What questions are prohibited from being asked on an employment application, and why?

  • Age/date of birth: Generally, age is considered not to be relevant in most hiring decisions, and therefore, date-of-birth questions are improper. Age is a sensitive pre-employment question, because the Age Discrimination in Employment Act protects employees 40 years old and above from discrimination based upon age. It is permissible to ask an applicant to state his or her age if it is less than 18. If you need the date of birth for internal reasons, this information can be obtained after the person is hired.

  • Race, religion, national origin: Generally, questions should not be asked about these matters, either on employment applications or during job interviews. The requirements that an applicant furnish a picture has been held to help support a claim for race discrimination when it was demonstrated that an employer never hired a minority applicant, the theory being the picture was required so that an employer would remember which applicants were members of minorities.  A sexual harassment plaintiff might similarly argue that the employer pre-screened applicants for physical attractiveness.

  • Physical traits, disabilities: Height and weight requirements have been found to violate the law in situations where such requirements have eliminated disproportionate numbers of female, Asian-American, and Spanish-surnamed applicants when in such cases, the employer could not show that the physical standards were directly-related to job performance.  The Americans with Disabilities Act prohibits general inquiries about disabilities, health problems, and medical conditions.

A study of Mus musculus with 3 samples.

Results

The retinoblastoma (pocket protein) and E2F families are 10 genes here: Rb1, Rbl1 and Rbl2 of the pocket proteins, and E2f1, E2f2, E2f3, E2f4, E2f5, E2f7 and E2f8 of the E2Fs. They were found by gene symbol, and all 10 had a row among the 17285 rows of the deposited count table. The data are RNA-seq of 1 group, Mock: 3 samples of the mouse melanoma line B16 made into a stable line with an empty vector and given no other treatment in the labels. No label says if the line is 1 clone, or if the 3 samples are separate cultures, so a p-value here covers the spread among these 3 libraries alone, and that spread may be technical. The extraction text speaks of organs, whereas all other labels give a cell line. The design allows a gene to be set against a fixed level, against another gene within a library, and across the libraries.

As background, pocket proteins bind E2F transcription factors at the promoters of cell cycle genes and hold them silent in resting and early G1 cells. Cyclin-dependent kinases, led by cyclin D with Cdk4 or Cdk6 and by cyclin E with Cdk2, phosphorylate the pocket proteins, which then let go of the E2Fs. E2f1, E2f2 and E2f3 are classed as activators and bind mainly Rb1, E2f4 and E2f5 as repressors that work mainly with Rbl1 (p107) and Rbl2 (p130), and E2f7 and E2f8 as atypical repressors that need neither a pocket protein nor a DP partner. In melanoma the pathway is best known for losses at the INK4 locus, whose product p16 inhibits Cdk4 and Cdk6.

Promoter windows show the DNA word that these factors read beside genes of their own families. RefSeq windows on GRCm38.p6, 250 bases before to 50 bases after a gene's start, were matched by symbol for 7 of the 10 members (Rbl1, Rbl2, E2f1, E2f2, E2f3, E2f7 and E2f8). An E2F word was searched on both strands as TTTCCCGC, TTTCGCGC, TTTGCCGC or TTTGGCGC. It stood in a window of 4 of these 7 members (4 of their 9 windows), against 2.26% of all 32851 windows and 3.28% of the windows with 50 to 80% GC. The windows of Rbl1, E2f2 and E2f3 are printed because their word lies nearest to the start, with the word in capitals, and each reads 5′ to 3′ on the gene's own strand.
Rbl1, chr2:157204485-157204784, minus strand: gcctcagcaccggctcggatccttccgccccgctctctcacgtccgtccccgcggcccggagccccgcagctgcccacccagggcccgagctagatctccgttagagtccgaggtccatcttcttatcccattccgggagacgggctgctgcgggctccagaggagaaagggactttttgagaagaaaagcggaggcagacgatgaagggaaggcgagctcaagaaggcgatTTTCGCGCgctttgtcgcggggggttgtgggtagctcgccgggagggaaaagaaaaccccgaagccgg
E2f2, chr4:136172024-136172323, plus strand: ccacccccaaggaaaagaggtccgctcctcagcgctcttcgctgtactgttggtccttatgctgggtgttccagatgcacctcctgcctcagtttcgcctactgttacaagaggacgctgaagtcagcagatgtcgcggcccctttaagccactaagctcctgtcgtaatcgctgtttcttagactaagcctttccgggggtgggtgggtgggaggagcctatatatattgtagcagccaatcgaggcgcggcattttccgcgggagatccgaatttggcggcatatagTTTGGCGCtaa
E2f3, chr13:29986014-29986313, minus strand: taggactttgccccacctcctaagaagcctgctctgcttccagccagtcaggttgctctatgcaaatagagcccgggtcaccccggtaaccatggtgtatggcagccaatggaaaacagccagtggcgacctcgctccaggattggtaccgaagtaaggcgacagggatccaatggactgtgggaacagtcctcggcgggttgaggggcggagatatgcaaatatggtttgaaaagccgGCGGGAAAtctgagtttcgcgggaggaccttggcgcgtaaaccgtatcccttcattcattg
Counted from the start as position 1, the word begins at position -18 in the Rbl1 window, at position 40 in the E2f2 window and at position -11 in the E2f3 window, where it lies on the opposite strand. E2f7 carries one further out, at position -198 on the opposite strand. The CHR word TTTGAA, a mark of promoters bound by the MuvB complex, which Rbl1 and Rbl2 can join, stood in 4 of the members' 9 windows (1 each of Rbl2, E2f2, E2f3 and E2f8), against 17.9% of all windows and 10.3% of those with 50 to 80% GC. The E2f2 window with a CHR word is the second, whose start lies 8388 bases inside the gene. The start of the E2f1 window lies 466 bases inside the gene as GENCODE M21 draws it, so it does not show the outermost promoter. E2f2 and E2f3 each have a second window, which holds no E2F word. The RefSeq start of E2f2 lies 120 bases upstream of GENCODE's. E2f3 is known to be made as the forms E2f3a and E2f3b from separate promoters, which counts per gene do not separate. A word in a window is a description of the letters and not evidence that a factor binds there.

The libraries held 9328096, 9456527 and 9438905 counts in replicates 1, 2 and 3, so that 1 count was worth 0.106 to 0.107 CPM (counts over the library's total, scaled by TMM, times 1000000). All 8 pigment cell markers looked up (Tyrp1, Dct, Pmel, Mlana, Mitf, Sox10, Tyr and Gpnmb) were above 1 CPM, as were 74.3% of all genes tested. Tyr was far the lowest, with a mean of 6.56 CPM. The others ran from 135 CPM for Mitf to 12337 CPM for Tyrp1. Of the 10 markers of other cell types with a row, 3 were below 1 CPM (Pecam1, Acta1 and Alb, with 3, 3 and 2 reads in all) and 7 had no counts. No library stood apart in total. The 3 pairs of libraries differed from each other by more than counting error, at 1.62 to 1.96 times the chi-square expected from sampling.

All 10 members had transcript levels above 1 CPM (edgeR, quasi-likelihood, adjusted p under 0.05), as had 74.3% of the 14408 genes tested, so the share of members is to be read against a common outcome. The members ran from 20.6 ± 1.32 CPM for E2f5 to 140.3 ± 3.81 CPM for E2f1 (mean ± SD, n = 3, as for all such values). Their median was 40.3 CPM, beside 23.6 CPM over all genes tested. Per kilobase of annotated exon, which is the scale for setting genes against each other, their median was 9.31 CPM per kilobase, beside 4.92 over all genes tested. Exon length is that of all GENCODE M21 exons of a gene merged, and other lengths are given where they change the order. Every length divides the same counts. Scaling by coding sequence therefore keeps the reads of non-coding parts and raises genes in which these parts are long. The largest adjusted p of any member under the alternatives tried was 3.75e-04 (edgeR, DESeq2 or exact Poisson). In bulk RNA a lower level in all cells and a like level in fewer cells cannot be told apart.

• Education: If a job for which an application is being made does not require a particular level of education, it is improper to ask questions about an applicant's educational background. Applicants can be asked about educational background, schools attended, degrees earned, and vocational training when the performance of a job requires a particular level of education.

  • Arrest, conviction records: The EEOC takes the position that questions concerning arrests are improper unless the applicant is being considered for a "security sensitive" job and the employer does an investigation to determine, in effect, whether the applicant was likely to have committed the crime for which he or she was arrested. The EEOC also says that questions about an applicant's conviction record are improper unless the employer can show that the conviction is in some way related to the position being applied for.

  •  Garnishment: Questions concerning whether an applicant has been the subject of garnishment proceedings should be eliminated from employment applications. Using the garnishment history of an applicant in determining whether he or she will be hired is probably discriminatory, because more minority members have their wages garnished than do with whites.

  • Citizenship: The anti-discrimination provision of the Immigration Reform and Control Act provides that an employer cannot discriminate because an applicant is not a U.S. citizen. Therefore, in order to avoid charges of discrimination under this Act, citizenship questions should probably be deleted from employment applications.